ARI SHAPIRO, HOST:

Among those killed in Israel and Gaza are at least 27 Americans. Fourteen Americans are unaccounted for, a small number of whom are believed to now be hostages of Hamas in Gaza. NPR's Laurel Wamsley spoke to families and friends of those searching for and mourning their loved ones.

LAUREL WAMSLEY, BYLINE: As the bomb sirens went off in Jerusalem last Saturday, Rachel Goldberg woke her daughters, and they all hustled into their apartment's safe room. She turned on her phone, which she normally keeps off on the Sabbath, and there were two text messages from her son, Hersh Goldberg-Polin.

RACHEL GOLDBERG: The first one said, I love you, and the next one said, I'm sorry.

WAMSLEY: Through her son's friend, she learned that Hersh, who was born and spent his early years in California, had been at a techno music festival in southern Israel, where reports were emerging of hundreds of young people killed or taken hostage. She didn't know if Hersh was alive or dead. Then, the family received a photo a friend had seen on social media taken in a bomb shelter near the rave, and Hersh was in it. With the help of friends, they figured out the identities of others in the photo and made contact with three people who survived the attack in the shelter with Hersh and his friend, Aner Shapira, who told the family what had happened.

GOLDBERG: What we were told is the terrorists were throwing in hand grenades. And Aner, at the doorway, was picking them up and throwing them back out. Some of them did get in, and those exploded. And then they came in with machine-gun fire, just spraying the room of these, you know, barefoot, crunchy granola hippies who were all defenseless. It was shooting fish in a barrel - just a massacre.

WAMSLEY: The Hamas militants asked for those who could stand to stand, and Hersh did. Witnesses said Hersh's arm below his elbow had been blown off, and he had made a tourniquet out of a shirt. The attackers put Hersh and two other young men in a pickup truck and drove them toward the border with Gaza.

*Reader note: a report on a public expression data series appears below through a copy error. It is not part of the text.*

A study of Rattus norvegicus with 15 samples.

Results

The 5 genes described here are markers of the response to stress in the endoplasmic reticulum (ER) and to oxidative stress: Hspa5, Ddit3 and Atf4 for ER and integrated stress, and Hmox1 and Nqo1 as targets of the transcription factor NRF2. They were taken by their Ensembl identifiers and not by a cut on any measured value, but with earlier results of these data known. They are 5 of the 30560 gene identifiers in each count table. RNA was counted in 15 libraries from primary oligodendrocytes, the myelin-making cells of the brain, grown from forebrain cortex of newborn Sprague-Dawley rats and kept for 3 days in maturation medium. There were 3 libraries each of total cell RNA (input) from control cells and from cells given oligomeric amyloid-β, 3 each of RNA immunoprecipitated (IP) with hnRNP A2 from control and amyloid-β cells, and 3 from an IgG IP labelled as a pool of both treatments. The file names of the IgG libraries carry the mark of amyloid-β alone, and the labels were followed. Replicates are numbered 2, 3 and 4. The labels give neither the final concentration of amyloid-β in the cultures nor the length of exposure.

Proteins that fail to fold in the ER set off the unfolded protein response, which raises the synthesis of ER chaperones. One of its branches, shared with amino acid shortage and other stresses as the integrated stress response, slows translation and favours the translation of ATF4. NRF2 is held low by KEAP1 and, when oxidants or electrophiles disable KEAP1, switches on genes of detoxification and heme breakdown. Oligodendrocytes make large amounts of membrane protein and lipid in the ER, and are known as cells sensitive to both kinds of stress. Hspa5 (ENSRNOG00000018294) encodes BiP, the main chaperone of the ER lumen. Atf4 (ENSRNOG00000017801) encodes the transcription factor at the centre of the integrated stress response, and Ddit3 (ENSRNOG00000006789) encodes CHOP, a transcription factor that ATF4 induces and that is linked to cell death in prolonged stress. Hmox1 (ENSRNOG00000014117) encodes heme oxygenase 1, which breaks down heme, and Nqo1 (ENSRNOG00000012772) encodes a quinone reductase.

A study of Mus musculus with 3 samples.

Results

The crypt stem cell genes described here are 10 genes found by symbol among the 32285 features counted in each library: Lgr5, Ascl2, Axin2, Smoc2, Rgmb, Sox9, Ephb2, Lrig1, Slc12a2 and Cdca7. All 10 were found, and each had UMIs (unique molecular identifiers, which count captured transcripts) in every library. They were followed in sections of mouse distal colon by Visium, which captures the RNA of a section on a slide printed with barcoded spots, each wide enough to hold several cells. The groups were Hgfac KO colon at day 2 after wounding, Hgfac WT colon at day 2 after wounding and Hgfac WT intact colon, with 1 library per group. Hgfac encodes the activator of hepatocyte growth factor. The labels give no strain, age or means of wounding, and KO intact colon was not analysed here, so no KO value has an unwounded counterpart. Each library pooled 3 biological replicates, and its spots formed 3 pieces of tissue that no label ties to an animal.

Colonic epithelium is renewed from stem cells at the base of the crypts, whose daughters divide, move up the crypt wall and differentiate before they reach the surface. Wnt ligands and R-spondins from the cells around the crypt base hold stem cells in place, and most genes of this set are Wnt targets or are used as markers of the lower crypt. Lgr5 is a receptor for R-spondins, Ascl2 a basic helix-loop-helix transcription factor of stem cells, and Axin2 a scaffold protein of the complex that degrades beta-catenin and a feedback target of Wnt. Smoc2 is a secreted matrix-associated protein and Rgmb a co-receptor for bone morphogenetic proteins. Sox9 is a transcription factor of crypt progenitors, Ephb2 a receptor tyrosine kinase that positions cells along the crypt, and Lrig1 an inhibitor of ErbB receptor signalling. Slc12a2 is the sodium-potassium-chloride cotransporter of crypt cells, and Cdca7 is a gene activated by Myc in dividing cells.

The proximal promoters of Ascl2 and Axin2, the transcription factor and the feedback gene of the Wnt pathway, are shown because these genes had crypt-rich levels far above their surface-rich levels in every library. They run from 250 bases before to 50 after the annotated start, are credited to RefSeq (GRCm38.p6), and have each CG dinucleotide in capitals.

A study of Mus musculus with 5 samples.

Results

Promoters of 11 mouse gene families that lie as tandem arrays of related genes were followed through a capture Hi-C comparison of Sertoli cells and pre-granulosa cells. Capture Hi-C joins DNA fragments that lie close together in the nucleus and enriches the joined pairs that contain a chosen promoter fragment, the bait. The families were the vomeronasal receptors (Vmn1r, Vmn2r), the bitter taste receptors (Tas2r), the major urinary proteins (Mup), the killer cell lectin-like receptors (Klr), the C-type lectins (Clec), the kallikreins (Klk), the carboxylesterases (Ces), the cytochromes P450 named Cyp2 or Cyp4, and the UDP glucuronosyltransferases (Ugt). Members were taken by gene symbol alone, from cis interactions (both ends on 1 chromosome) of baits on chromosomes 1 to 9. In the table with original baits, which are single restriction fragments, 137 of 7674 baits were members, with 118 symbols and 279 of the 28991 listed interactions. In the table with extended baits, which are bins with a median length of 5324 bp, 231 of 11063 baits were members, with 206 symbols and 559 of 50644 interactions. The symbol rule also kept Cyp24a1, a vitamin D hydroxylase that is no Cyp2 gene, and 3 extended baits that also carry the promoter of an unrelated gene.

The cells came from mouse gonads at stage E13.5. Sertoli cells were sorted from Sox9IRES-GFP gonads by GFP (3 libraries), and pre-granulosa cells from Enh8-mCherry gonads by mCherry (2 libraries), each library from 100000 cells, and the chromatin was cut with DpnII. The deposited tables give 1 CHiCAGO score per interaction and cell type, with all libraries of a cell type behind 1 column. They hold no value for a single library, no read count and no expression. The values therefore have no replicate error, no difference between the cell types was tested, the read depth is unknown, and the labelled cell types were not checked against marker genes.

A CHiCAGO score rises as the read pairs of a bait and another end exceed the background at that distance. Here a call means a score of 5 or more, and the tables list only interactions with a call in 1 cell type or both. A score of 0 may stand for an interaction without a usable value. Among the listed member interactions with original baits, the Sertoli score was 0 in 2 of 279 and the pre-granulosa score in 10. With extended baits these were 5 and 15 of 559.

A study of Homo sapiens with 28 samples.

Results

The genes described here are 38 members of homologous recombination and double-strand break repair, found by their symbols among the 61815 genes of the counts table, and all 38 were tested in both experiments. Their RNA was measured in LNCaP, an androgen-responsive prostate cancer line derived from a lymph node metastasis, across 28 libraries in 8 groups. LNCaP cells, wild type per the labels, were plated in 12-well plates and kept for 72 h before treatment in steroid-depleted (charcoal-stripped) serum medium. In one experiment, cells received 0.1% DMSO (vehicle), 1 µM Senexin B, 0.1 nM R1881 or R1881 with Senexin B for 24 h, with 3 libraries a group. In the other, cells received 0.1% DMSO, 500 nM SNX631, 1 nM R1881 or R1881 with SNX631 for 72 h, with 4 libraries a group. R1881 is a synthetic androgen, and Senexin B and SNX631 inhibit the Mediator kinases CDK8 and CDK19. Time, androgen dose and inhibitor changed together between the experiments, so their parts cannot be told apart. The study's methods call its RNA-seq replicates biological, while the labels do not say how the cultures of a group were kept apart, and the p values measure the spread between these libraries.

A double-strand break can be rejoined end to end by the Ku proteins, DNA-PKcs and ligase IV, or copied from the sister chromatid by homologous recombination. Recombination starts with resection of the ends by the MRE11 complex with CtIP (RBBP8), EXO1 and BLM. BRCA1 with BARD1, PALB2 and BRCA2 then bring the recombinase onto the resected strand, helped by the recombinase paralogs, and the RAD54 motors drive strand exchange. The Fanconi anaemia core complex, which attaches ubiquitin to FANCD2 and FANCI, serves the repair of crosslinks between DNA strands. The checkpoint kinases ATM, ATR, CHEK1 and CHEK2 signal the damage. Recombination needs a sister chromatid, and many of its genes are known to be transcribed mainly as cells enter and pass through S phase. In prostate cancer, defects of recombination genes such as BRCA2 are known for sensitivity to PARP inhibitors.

GOLDBERG: And the police were able to tell us the last place that they saw Hersh's cellphone was just at the border with Gaza, and that's the last we've heard of him.

WAMSLEY: A funeral was held in Jerusalem today for Aner Shapira. Goldberg says the U.S. embassy has been extremely supportive, and President Biden held a call today with the family members of the Americans unaccounted for. Also among the missing are Judith and Natalie Raanan, a mother and daughter from Evanston, Ill. Natalie recently graduated from high school, and they were in Israel to spend the Jewish holidays with Judith's mother. Rabbi Dov Hillel Klein of Habbad of Evanston knows Judith well.

DOV HILLEL KLEIN: Judith is such a kind, caring, giving person. You know, when she walks into the room, her eyes just light up. She wears her soul in her eyes.

WAMSLEY: Klein says the last the Raanans were heard from was a text from Natalie to her father, saying they were holed up in a bomb shelter about a mile from the Gaza border. Hamas militants were going house to house, killing people.

KLEIN: The assumption is that they broke into that bomb shelter and took them as hostages.

WAMSLEY: For some families, the worst has already come to pass. Daniel Ben-Senior (ph), 34, was also at the music festival, says her aunt, Clara Ben-Senior (ph). Danielle grew up in Los Angeles and became a nurse and a few years ago moved to Israel, near Haifa, to take care of her parents.

CLARA BEN-SENIOR: She loved music. She loved dancing. She loved the nature. She loved life. She loved people. She was very special girl.

WAMSLEY: For days, the family didn't know what had happened to Danielle.

BEN-SENIOR: Finally, they found her body. They couldn't go in the field because there was bombing. And finally, they got to her. It was four days later.

WAMSLEY: The family held a funeral for Danielle, and now they sit Shiva for seven days at her house until the burial.

BEN-SENIOR: She was part of us, and she was like a flower blooming. (Crying) And they took our flower.

WAMSLEY: Danielle Ben-Senior went to Israel to nurse her parents. But now, as the war intensifies, her parents are among many who will mourn their children.

Laurel Wamsley, NPR News. Transcript provided by NPR, Copyright NPR.

NPR transcripts are created on a rush deadline by an NPR contractor. This text may not be in its final form and may be updated or revised in the future. Accuracy and availability may vary. The authoritative record of NPR’s programming is the audio record.

Laurel Wamsley is a reporter for NPR's News Desk. She reports breaking news for NPR's digital coverage, newscasts, and news magazines, as well as occasional features. She was also the lead reporter for NPR's coverage of the 2019 Women's World Cup in France.